Just when they thought they had caught a break from the government, farm kids are back to feeling picked on.
Last year, farm country cheered when the Obama administration backed off proposed child labor regulations that would have kept kids under 16 from working on the farm.
Those same kids and their parents are now criticizing new USDA regulations on school lunches that are limiting calories, adding fruits and vegetables and cutting back on meat. While the complaints are coming from across the country, as this story from the New York Times attests, farm kids and their parents say they are especially affected by the changes.
The new regulations, as I wrote about last week, were supposed to be about fighting childhood obesity. But many parents now say the new system will actually add to the problem. The kids will stock up on junk food just so they can get through the day, said Tracy Zeorian, a mom from Nebraska, via our Harvest Network.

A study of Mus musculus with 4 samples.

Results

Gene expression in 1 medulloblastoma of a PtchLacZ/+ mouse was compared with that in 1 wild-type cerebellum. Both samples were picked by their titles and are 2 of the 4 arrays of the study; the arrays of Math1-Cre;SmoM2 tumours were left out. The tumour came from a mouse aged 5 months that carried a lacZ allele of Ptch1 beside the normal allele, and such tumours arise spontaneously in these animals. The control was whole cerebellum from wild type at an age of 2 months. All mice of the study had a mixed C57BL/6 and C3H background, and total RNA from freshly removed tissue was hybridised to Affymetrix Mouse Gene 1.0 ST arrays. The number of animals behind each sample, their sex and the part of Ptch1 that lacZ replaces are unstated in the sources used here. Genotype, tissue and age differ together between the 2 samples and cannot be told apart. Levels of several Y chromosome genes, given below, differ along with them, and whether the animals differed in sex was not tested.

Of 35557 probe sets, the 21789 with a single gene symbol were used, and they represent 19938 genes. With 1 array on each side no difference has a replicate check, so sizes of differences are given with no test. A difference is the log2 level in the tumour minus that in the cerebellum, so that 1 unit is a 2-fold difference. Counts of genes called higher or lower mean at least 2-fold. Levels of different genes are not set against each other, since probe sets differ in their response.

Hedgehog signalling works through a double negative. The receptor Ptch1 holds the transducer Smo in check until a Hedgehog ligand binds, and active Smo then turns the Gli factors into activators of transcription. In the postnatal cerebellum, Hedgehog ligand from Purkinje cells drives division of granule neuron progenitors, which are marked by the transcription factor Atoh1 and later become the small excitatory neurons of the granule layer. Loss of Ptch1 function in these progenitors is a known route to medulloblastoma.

“How is this helping with the obesity problem? The kids are hungry. By the end of the day, all they can focus on is their growling stomach. Seriously? Is this what the government and USDA want? A bunch of hungry kids not learning anything because all they can focus on is their growling stomachs and lack of energy?”
Stacey McCallister, a dairy farmer from Missouri, commented on our Facebook page that he doesn’t like the one-size-fits-all plan.
“My kids are active in sports and also work on the farm, they naturally burn more calories than a kid who doesn’t go outside or never have their Xbox taken away from them. So active kids are going to be hungry and burning more calories.”